Google Plus Local will replace Google Places for local recommendations
The tool incorporates reviews from Zagat as well as from users' friends
Google is working to incorporate Google+ with its other products
Google Places is gone, replaced by a new feature that combines its Google Plus social site and renowned restaurant reviewers Zagat.
Announced Wednesday, Google Plus Local is the latest push by Google to incorporate its networking site into more of its other products, with the goal of creating a single, seamless Web experience.
Plus Local is designed to let users discover and share information about local restaurants, shops and other sites.
“Finding the best places to go is an essential part of our lives, as are the people and resources that help us make those decisions,” Google product manager Avni Shah wrote on the company’s official blog. “In fact, the opinions of friends, family or other trusted sources are often the first we seek when looking for the perfect restaurant for date night or the cafe that makes the best latte ever.”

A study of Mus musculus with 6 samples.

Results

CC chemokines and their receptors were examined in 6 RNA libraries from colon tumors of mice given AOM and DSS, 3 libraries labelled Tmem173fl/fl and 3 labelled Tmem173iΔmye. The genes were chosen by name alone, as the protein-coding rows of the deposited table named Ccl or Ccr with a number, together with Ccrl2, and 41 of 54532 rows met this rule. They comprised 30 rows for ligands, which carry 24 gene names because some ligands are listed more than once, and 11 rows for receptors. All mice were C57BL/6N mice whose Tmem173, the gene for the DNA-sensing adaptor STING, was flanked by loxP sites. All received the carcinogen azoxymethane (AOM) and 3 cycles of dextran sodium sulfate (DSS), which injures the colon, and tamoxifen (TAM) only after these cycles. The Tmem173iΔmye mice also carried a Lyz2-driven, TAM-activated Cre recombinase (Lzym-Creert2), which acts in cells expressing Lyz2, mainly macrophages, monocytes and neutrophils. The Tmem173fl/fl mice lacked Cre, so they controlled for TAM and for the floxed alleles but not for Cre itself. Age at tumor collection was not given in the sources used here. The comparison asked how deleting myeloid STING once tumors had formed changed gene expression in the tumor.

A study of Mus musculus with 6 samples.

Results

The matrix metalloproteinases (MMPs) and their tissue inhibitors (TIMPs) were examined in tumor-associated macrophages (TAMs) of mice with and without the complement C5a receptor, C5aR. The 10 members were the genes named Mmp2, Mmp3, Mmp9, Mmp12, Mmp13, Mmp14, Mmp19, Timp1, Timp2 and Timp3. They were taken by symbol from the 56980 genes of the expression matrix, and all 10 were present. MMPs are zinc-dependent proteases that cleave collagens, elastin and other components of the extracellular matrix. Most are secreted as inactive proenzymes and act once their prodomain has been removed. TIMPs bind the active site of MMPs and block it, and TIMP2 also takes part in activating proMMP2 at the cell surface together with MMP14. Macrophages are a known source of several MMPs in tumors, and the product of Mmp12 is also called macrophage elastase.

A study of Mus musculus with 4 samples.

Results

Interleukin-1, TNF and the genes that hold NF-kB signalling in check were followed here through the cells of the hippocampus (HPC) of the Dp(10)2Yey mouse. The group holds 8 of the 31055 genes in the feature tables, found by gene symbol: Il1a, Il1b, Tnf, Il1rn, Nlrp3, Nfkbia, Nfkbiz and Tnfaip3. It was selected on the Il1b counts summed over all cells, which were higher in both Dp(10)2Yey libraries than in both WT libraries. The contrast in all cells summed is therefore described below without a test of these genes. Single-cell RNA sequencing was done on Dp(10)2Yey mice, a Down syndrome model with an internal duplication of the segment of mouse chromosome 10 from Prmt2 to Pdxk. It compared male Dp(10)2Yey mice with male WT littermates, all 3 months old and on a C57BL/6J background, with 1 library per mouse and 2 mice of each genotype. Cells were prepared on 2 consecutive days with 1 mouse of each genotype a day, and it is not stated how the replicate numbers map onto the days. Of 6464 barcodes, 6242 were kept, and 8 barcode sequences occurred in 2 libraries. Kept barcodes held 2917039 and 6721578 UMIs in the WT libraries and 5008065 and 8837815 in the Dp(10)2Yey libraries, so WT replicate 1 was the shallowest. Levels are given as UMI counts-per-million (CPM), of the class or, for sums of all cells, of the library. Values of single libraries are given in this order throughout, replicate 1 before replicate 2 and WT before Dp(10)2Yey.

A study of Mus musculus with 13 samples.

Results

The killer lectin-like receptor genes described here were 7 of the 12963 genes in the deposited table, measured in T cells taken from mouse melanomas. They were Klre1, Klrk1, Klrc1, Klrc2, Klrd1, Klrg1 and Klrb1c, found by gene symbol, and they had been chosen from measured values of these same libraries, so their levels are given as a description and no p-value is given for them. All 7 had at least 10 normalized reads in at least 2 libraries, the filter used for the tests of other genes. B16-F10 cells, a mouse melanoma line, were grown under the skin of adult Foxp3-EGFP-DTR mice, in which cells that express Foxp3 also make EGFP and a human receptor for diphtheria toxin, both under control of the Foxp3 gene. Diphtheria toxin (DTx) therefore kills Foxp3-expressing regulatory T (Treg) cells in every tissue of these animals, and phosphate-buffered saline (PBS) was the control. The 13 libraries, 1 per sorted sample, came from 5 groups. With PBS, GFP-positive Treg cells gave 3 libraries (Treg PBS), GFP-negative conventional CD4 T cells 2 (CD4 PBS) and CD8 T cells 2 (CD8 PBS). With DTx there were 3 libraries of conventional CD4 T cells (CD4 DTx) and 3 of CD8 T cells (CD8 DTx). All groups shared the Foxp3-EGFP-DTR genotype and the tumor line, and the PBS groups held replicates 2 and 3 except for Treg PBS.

A new “Local” tab on the side of a Google Plus page lets users click and search.
Results will include reviews from Zagat, which Google bought in September, as well as ratings and comments from friends. The results also will appear when Google users search for a local site using Google search or Google Maps.
Companies listed on the less-social Google Places can be converted over to Google Plus. According to the blog Search Engine Land, roughly 80 million businesses’ pages already had been converted Wednesday morning.
Google Plus reports being up to about 100 million users since opening to the public in September. That’s a far cry from Facebook’s roughly 900 million accounts.
Some in the tech world were saying Wednesday that Google Plus Local might be a way to begin catching up.
“What Google still lacks in Google+ is a way of getting different businesses’ networks to interact with each other – meaning, Facebook may have its own Facebook Places, but it also has a range of apps from others, like Gogobot and more, that enhance that experience,” wrote Ingrid Lunden of TechCrunch.
“Google is still largely relying on its own data to get the job done. That could make the experience more cohesive, or (the problem Google+ has been having up to now) a little too quiet.”